Alberta government pulls staff from downtown; adds to growing vacancy rate
The province says they chose to move because it’s cost-effective and improves work environment
The province recently announced it will move 450 of its employees from the Centre West building, located at 10035 108 Street. Half of those workers will move out of the downtown area.
Aileen Machell, spokeswoman for Infrastructure Minister Brian Mason, said half will move to the Neil Crawford Centre, located near 113 Street and Belgravia Road, while the other half will go to offices near the legislature.
Jimmy Shewchuk, business development manager at EEDC, said the government’s move needs to be better justified, as the city is looking to grow the downtown.
“You’re losing some employees downtown and you’re losing a business downtown,” he said. “And I never want to see that.”
Machell said the government has a responsibility to manage its buildings cost-effectively and appropriately for its employees.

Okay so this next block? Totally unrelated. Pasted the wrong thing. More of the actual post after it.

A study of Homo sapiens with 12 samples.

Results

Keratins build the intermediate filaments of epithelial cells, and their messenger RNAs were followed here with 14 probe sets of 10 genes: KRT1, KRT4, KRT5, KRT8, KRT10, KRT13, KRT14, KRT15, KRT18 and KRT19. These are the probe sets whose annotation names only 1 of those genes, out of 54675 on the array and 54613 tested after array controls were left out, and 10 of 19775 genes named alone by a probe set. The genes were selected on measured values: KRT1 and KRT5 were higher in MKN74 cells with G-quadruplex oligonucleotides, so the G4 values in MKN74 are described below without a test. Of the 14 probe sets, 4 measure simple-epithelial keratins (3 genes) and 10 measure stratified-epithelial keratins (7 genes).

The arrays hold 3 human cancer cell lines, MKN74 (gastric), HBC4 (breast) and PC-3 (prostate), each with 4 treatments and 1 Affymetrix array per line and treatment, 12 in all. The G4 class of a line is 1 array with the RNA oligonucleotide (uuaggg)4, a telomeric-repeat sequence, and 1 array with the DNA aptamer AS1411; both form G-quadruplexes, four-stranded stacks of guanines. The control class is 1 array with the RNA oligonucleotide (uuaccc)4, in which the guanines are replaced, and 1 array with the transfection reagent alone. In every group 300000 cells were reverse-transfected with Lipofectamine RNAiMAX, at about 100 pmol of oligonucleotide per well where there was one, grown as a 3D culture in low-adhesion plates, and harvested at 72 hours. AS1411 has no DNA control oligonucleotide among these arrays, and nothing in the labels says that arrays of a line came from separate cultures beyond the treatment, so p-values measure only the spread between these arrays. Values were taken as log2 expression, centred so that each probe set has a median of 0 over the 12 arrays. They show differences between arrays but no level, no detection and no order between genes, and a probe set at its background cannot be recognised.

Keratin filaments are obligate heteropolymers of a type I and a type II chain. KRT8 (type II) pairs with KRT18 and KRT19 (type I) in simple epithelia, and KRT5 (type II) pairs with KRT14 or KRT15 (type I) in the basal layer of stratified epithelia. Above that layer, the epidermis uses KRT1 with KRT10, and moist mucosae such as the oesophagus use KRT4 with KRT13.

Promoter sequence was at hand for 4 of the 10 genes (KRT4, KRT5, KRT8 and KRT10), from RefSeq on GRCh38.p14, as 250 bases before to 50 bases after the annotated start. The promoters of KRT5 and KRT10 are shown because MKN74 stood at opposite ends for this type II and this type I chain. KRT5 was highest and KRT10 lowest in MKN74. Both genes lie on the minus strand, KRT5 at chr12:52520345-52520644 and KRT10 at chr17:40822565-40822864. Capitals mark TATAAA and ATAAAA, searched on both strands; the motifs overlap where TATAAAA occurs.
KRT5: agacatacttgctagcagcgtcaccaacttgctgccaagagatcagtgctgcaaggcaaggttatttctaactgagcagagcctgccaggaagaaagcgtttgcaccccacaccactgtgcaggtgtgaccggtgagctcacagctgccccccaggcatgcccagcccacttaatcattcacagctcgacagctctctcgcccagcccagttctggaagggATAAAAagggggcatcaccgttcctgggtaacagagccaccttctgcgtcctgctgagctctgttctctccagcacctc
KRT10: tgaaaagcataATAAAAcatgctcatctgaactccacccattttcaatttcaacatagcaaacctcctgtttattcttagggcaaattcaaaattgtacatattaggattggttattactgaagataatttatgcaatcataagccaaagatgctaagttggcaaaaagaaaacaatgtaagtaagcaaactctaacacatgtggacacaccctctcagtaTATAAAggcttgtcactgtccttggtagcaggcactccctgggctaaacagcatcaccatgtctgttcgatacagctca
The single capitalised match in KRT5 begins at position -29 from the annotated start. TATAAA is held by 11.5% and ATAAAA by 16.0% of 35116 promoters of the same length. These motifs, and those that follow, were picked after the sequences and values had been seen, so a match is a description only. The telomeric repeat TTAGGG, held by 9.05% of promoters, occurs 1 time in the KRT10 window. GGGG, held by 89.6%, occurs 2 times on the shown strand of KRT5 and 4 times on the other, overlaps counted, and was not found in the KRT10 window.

She said the average density of government office space across Alberta is 32 square metres per person.
“If we reach our target density of 18 square metres per person, we expect to save tens of millions in lease costs per year,” she said.
The move is expected to result in an extra 130,000 square feet in vacancy downtown. Currently, the city’s office vacancy rate is 13 per cent.
Three years ago, the city spent $18-million to renovate Capital Boulevard, which runs next to the Centre West Building. The renovations included the installation of black granite, planters and new concrete.
But to combat the city’s growing office vacancy, Shewchuk said the city is currently looking at partners to develop a plan to grow business.